The new Conservative Government might only have been in office a matter of days, but the logistics sector is already very clear about the issues that require its attention.
The Logistics sector has been a success story in recent years: growth of the sector is outstripping other sections of the economy. In 2018, the Logistics sector contributed £124 billion Gross Value Add (aGVA) to the UK economy (10 percent of the UK non-financial business economy).
However, the Logistics sector is facing a number of pressing challenges, including the uncertainty of Brexit and a growing skills shortage. These are areas on which the sector relies on Government action. As a result, sector leaders and industry bodies have already begun setting out their priorities for the new Government.
The Northern Powerhouse
Even before the election, Transport for the North was calling on whichever party won to focus on the North. It argued, “Whilst Brexit has dominated discourse, one issue has risen up the national agenda over the past year like no other – the future prosperity of the North… the nation is waking up to the pent-up economic potential in the North, waiting to be unleashed with the right impetus and investment… At the heart of this, is the ability to get people and goods from A to B better than they do today.”
The scale of the Conservative win in the North and the “debt” of trust the Government now owes those constituencies makes it likely that there will be greater focus on the Transport for the North’s agenda.
Following the landslide victory, Transport for the North released a statement reading, “The North has – rightly – been a key battle ground in this election, with pledges made on improving our transport and creating opportunities. Now is the time to advance that Northern agenda in the national interest. The Prime Minister must now deliver… We stand ready, on behalf of the North, to work with Boris Johnson and the new Government to ensure the much-needed investment is delivered to help rebalance the UK economy.”
The Road Haulage Association
The Road Haulage Association (RHA) has congratulated Boris Johnson on his general election win for the Conservatives and called on him to work with the freight and logistics sector on a number of key issues.
- managing the risks and impacts of whatever Brexit approach is taken, it is vital to allow enough time to implement the transition to any new arrangements for customs and lorry access regulations, labour is also essential to maintain the UK’s supply chains
- help is needed to facilitate the transition to cleaner vehicles throughout the industry
- the growing skills shortage must be addressed, via work like the RHA’s Road to Logistics initiative and practical policies
- the Apprenticeship Levy requires reform and funding
- improvements need to be made in terms of infrastructure and the operating environment, including safe and secure parking facilities for vehicles and drivers, improved fuel prices in line with EU competitors and better road maintenance across the UK
Richard Burnett, the RHA chief executive, commented: “The current Apprenticeship Levy system is not working for our industry and uptake amongst our members is minimal. As things stand, our industry has paid in over £300m while only being able to draw down approximately £20m.”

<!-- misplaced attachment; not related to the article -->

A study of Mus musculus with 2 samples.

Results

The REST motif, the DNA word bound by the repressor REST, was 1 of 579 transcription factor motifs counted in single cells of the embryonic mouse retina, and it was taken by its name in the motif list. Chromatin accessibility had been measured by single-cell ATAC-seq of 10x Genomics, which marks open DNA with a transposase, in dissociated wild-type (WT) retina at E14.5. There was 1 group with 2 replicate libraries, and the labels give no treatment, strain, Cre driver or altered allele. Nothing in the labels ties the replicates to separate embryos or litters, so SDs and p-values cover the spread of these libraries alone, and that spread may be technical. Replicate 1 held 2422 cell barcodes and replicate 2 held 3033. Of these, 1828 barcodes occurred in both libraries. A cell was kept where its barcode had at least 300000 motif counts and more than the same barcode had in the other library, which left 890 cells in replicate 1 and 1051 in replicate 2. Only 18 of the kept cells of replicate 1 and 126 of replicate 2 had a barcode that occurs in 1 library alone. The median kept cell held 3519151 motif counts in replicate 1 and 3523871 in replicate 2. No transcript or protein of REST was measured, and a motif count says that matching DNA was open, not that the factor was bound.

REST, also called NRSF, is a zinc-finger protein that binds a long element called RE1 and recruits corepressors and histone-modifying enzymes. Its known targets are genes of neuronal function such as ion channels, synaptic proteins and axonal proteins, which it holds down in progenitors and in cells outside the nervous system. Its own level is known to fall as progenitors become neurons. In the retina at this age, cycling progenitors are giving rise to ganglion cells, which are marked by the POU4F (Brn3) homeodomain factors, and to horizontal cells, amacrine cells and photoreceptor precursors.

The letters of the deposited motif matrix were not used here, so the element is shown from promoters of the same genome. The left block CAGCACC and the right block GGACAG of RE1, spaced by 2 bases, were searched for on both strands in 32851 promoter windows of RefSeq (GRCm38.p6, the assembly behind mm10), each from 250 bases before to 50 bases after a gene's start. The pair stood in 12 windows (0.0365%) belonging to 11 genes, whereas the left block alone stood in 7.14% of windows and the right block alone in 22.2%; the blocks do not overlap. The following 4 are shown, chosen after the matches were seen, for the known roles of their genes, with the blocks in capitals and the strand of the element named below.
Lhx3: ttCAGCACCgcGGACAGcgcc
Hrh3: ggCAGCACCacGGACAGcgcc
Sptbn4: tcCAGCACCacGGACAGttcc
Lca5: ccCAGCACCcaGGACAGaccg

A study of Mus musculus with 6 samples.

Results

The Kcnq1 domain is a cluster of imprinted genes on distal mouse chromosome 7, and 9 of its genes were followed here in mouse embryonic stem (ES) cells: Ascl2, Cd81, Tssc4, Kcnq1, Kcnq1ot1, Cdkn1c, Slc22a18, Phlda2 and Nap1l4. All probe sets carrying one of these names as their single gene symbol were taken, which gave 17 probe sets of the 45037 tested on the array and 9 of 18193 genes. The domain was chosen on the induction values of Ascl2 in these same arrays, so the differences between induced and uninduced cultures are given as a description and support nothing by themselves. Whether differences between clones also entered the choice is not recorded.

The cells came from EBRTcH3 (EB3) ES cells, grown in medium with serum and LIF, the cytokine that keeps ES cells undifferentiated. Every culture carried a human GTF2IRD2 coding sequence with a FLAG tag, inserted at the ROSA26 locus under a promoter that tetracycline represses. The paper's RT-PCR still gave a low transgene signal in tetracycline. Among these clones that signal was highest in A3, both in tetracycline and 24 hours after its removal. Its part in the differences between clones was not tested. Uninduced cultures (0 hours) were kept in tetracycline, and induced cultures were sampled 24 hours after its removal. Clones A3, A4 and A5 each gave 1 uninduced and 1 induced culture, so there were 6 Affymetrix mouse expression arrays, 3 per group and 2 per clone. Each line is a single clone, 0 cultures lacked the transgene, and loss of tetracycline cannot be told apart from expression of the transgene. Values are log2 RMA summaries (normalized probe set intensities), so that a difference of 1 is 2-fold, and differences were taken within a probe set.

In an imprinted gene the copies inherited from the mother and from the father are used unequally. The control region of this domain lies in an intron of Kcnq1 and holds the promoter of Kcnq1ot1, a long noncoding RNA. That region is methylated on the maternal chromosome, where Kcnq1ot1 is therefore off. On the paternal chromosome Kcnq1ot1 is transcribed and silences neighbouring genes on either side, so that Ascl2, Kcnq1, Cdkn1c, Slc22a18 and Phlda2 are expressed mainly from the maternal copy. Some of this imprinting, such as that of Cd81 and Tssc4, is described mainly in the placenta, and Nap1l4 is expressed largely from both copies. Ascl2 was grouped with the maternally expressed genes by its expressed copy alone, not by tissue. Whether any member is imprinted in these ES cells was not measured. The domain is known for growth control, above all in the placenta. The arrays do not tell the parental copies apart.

The Freight Transport Association
The Freight Transport Association responded to the election result with a much greater emphasis on the issue of Brexit.
It said it welcomed the new clarity and direction that the General Election result provides to business in terms of Brexit planning. However, it also warned that, without the passing of the Withdrawal Agreement through Parliament, there is still the risk of a No Deal departure from the EU on 31 January 2020 – which could bring chaos to the UK’s highly interconnected supply chain and the industries which rely upon it.
Pauline Bastidon, FTA’s Head of Global and European Policy, emphasised: “What logistics and supply chain managers need above all is clarity over the Brexit’s end game. While the short-term priority is to ensure that the UK leaves with a ratified withdrawal agreement, we need answers to the big questions about our future trading arrangements with Europe. Most of the crucial topics related to trade and transport have yet to be negotiated with the EU, in what will be a very short amount of time. Entering these negotiations with a clear picture of what logistics needs will be critical to its success. Minimising frictions, red tape and costs should be at the heart of the negotiations if UK PLC is to continue trading effectively.”
Key areas of concern for the FTA include:
- arrangements for imports and exports between the UK and Europe
- agreement on the situation on the Northern Ireland border, including the potential for checks and where and how these are to be made
- the ongoing situation regarding the employment of EU nationals within a sector that relies on them for vital labour
The FTA reiterated that with more than 53,000 lorry driver vacancies already in the UK, the loss of the 343,000 EU nationals working in British logistics firms could see the supply chain as a whole come to a standstill.
Response of the industry
It is clear that the Government has a lot on its plate in terms of the logistics sector alone.
While the organisations representing our sector are hopeful that the size of the Government’s majority will end the period of uncertainty, given the opaque promises on which it was elected (“get Brexit done”) there remains a vast lack of clarity over how this uncertainty will be resolved.
Logistics companies will be hoping this clarity will emerge soon.